Helpful Ways to Resolve Co-Parenting Conflicts
Co-parenting when a couple is not together may be one of the greatest challenges that parents may face. But when done right, it can make your children’s lives dramatically better. Whether you and the other parent are divorced, or you were never technically together, figuring out how to co-parent a shared child is a task that is well worth your time and effort.
You can avoid a number of conflicts by setting and enforcing clear communication boundaries. These are necessary even if your co-parenting relationship is generally friendly. It’s far too easy for one person to get a little too comfortable and unintentionally upset the other, causing a co-parenting rift.
For example, you may wish to communicate primarily through text or email, limiting phone calls to emergencies and time-sensitive matters. You may also want to reinforce that you only want to communicate about the children and avoid personal or unrelated discussions.
If your co-parent has a tendency to become aggressive or make personal attacks, consider setting a boundary that you will not respond when the conversation takes a negative turn. While you can’t control their behavior, you can avoid making the situation worse and decide not to engage further.
Change How You View Your Co-Parent
In the workplace, nearly everyone has a coworker they just aren’t that fond of. Maybe they have a personal grievance or maybe they just rub each other the wrong way. But since they work together, they have to act professionally and be polite. That’s how you should view your co-parenting relationship if it’s generally negative or confrontational.
This isn’t a romantic relationship anymore (where there’s room for some passionate fights or heated disagreements). This is a relationship that exists solely to allow you both to remain in your children’s lives, which means that you have to keep your personal feelings for each other out of it.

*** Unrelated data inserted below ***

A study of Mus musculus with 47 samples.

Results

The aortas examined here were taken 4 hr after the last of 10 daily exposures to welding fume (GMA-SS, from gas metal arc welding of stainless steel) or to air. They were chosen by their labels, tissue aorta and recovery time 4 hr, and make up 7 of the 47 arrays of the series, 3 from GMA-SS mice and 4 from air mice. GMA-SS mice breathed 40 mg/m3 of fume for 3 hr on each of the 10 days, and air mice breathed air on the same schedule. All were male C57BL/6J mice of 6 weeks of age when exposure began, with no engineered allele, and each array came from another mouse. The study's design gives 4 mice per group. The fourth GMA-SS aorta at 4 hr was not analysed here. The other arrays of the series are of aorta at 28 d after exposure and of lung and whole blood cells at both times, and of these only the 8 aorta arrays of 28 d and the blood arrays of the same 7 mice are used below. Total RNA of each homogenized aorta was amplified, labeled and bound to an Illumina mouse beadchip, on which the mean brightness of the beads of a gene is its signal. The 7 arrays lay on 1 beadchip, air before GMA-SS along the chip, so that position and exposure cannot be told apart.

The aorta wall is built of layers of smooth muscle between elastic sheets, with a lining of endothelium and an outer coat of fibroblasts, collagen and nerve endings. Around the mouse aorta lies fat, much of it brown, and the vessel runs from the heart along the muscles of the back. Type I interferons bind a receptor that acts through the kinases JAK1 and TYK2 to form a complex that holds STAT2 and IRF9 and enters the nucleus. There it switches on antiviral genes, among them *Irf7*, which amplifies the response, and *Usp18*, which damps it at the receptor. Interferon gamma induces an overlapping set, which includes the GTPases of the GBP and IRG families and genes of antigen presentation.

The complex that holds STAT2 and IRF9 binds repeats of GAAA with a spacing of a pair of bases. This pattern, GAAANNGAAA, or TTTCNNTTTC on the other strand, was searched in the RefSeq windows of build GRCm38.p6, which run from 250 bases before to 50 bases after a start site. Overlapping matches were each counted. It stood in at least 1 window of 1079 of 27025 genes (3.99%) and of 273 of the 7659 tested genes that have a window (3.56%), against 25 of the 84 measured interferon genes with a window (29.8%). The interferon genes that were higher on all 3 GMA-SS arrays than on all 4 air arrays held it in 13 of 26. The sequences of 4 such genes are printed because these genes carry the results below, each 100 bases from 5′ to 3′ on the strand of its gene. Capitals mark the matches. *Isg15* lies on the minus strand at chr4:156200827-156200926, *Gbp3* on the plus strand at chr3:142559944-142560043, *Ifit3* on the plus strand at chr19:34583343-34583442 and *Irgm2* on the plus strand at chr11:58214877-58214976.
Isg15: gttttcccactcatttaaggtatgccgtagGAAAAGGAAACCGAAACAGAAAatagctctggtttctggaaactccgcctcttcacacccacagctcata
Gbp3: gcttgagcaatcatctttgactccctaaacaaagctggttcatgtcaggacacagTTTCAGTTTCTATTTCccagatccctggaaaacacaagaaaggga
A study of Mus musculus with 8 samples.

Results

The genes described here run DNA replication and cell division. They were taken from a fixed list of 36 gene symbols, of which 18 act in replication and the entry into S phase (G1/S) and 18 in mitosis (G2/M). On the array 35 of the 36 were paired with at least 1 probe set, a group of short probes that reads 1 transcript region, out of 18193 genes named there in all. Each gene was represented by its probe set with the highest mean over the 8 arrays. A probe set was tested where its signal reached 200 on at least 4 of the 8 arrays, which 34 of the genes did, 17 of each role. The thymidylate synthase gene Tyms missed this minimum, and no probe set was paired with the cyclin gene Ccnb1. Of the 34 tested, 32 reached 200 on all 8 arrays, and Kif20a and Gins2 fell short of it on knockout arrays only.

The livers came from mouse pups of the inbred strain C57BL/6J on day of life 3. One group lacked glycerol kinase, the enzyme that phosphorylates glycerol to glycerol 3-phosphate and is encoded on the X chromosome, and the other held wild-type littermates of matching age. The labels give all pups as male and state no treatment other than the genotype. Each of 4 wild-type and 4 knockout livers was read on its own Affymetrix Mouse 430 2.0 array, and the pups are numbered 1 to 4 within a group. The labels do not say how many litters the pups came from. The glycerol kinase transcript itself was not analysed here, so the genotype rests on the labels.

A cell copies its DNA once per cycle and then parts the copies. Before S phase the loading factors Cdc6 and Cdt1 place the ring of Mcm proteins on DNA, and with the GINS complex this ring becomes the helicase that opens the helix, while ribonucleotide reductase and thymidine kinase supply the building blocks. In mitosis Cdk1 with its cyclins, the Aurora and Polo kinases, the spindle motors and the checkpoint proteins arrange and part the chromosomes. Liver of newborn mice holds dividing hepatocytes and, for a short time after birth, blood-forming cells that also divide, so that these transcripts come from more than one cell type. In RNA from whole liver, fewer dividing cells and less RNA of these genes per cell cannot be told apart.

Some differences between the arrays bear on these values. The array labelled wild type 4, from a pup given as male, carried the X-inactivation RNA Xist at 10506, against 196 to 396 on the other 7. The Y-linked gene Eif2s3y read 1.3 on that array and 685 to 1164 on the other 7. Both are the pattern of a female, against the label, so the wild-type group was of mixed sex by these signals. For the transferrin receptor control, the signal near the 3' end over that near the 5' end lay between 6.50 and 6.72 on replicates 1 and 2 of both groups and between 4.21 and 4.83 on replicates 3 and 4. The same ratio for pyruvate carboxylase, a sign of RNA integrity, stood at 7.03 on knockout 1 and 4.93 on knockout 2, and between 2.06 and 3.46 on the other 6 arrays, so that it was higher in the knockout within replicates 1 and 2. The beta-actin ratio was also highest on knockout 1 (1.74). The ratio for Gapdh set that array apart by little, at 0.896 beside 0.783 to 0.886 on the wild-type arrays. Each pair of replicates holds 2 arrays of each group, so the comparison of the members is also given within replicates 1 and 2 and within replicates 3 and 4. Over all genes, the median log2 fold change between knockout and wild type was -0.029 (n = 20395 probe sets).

If your co-parent wronged you during your relationship or directly caused the end of the marriage, try to mentally separate that behavior from their co-parenting role. That may give you the breathing room you need to communicate with them effectively.
Run Your Messages Through a Trusted Friend
If you’re about to send a message and you’re not sure if it’s appropriate, turn to a trusted friend or family member. Is it inflammatory? Will it make the situation with the co-parent better or worse? Is there a better way to word anything?
It’s easy to let unintentional sarcasm or resentment slip into communication, and entrusting a third party may allow you to tone down messages when necessary. It should go without saying, but make sure that the person you choose does not have any ties to your co-parent or their social circle.
Learn From Each Conflict
Learning to co-parent is a process. Unfortunately, it’s not something you can master just by listening to podcasts or reading books. It’s messy work, and mistakes will be made. After each conflict, set aside some time to reflect on disputes that happen and learn from them. Over time, negative personal feelings toward the other parent should fade and co-parenting will feel much more natural.
Try to Remember What You Are Working Toward
At times, you may feel like you and your co-parent are at odds, always on opposite sides. But at the end of the day, you both want what’s best for your children. You may have different ideas about what that means, but with time, communication, and perhaps mediators or other third parties, you can come to a point where you can peaceably parent your children together for the good of everyone.
Get the Family Law Assistance You Need with Spencer Law in Pensacola
Crystal Collins Spencer is committed to helping families navigate the challenges that come with family law concerns. You do not have to go through this alone. If you’re facing divorce, child custody challenges, or other issues, turn to our team. Call us at 850-912-8080 or fill out our online contact form to set up a personalized consultation.